Beth Moran, Take Me Home
Take Me Home was a very enjoyable read, from an author I've started to regard as very reliable. The book fits into my invented category of "nest-building", which has become my favourite escapist reading (it's a broad category which includes almost any variety of moving to a new house - unexpected legacy, marital breakdown and relocation, returning to the family home, starting a new business etc).
Here, home is at first a very small space for Sophie, who shares her motorhome with Muffin, her dog. She has a rather specialised business, supporting people and their families at the end of a life and and she preserves her privacy fiercely between jobs. As we meet her she's just finished one such job and has a choice for what she'll do next. First, a complicated family probably about to fight over an inheritance, one of whom is allergic to dogs, so she'll be living in her van in northern England in winter; the other is an artist who wants help tidying up her affairs - she's a dog owner, there's a guest suite, it's a country estate... of course, Sophie chooses the latter.
Her arrival at Middlebeck is embarrassing for number of reasons. She finds herself crashing a therapy group, so the initial welcome is somewhat frosty. Then her new client introduces her as a historian who's come to write a book, a falsification which will later prove extremely awkward. But it turns out that the artist is someone whose work she loves, and she agrees to stay and after her first night in the house finds herself beguiled by its warmth and beauty.
Which is all I'm going to say about the plot. I knew by then that I was going to enjoy the book very much. I already liked Sophie and Muffin and Hattie seemed like an excellent addition - slightly scatty, but intelligent and interesting and apparently, very much alive and active. That her dog's name is Flapjack is proof of her suitability.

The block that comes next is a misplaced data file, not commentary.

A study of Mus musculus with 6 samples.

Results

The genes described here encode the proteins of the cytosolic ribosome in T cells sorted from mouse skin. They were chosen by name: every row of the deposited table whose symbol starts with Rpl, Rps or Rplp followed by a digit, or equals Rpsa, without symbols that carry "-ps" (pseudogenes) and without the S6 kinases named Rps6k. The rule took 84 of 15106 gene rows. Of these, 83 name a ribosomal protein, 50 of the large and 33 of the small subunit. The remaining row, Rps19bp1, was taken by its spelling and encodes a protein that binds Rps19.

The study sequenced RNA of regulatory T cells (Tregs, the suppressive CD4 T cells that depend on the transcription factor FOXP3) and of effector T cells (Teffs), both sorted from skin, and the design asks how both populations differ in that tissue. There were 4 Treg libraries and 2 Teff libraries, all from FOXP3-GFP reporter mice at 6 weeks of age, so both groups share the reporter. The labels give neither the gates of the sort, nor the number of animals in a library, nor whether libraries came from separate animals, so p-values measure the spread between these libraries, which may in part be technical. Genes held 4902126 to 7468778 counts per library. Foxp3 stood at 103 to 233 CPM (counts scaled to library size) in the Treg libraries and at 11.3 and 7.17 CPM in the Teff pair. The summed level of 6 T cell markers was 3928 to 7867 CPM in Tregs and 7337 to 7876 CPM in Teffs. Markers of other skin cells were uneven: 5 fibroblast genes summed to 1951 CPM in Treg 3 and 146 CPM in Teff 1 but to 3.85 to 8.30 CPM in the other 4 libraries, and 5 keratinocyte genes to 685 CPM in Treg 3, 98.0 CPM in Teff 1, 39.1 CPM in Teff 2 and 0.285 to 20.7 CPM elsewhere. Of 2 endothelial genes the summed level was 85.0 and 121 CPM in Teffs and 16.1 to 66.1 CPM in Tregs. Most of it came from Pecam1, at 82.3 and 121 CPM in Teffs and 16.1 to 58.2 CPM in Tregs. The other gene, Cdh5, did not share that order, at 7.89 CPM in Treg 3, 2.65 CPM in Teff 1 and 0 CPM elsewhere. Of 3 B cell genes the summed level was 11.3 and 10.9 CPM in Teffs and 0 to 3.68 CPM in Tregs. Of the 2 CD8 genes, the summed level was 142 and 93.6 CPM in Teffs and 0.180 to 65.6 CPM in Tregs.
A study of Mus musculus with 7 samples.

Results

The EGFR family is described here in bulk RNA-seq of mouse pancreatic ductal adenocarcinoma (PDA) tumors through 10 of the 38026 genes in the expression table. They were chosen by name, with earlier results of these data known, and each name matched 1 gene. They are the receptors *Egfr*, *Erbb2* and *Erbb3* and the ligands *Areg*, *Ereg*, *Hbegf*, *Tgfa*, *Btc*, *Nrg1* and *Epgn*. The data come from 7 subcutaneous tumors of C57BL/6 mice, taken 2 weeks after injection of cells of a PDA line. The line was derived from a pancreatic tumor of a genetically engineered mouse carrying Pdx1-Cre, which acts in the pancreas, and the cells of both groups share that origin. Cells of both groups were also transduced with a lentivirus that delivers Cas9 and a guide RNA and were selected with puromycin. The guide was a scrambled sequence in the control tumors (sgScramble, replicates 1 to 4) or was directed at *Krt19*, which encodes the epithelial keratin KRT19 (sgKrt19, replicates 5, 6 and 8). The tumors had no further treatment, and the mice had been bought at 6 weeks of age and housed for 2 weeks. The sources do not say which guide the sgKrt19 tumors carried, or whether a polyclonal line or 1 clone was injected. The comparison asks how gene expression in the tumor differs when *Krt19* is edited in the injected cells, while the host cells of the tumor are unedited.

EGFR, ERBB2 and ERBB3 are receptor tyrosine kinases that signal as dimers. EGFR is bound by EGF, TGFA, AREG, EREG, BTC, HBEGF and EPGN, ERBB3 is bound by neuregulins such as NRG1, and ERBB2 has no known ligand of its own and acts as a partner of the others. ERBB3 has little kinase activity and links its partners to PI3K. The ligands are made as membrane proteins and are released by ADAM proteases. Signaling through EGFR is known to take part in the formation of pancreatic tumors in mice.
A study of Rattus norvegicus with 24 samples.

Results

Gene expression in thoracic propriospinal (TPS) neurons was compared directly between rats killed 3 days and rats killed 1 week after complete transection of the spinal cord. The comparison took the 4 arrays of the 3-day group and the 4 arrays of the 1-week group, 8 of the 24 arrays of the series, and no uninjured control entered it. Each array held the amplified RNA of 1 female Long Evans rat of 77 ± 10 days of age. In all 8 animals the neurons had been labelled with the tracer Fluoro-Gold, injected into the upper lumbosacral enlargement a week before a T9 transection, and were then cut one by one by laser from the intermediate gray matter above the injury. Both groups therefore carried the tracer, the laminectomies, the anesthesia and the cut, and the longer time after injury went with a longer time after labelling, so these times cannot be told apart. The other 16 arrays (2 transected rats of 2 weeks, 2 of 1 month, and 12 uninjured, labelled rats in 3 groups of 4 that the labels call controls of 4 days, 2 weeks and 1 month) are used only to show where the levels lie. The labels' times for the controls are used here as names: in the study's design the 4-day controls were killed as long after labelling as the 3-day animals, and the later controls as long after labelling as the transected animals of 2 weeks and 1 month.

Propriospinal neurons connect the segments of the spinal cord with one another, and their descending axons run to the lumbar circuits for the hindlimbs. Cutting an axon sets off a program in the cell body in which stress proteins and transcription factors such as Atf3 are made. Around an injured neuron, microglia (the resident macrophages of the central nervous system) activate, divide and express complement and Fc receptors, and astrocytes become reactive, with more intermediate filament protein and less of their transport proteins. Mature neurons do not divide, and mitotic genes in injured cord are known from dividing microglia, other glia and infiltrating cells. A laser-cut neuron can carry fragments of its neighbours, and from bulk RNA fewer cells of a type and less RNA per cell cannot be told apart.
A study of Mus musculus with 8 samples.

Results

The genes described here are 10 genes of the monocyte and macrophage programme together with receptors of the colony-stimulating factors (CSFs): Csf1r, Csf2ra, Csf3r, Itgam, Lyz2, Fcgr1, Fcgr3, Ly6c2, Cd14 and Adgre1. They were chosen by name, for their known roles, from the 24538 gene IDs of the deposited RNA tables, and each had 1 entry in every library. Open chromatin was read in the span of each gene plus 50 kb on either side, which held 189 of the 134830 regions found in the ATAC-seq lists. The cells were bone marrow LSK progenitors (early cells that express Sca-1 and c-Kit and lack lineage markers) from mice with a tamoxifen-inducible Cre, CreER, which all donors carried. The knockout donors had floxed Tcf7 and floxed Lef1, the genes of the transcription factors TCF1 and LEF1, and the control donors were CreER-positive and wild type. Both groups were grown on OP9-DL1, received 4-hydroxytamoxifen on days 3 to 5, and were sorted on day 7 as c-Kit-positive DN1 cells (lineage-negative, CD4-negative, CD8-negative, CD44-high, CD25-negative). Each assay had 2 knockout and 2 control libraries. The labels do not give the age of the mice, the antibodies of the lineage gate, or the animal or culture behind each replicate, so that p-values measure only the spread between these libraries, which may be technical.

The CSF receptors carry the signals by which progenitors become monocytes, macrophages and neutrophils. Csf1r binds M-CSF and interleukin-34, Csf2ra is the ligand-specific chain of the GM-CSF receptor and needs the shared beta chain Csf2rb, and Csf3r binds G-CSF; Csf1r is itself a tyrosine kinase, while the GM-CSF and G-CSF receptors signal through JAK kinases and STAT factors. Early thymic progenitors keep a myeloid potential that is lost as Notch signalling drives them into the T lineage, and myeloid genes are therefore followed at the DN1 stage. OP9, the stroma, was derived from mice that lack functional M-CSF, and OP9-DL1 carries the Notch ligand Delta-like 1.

It's probably true that almost any fictional character who chooses to share their home with a dog (or a cat) is well on the way to endearing themselves to me, but Take Me Home was definitely off to a good start. The introduction of a man to the cast-list got us well on the way to a nest-building classification. I don't actually require a love interest, but this form of escapism does tend to go hand in hand with romance. I do, however, require the protagonist to demonstrate their autonomy before settling down to connubial bliss, even if they start out full of vulnerability. And this book meets that requirement too - Sophie has lots of baggage to deal with alongside Hattie's needs, and joining her while she does it is what makes it an absorbing read. Emotional and practical mess is examined and mended, order is re-established, and another contented reader turns the final page. Well done, Beth Moran, and thank you.
And thanks to NetGalley and Boldwood Books for a review copy.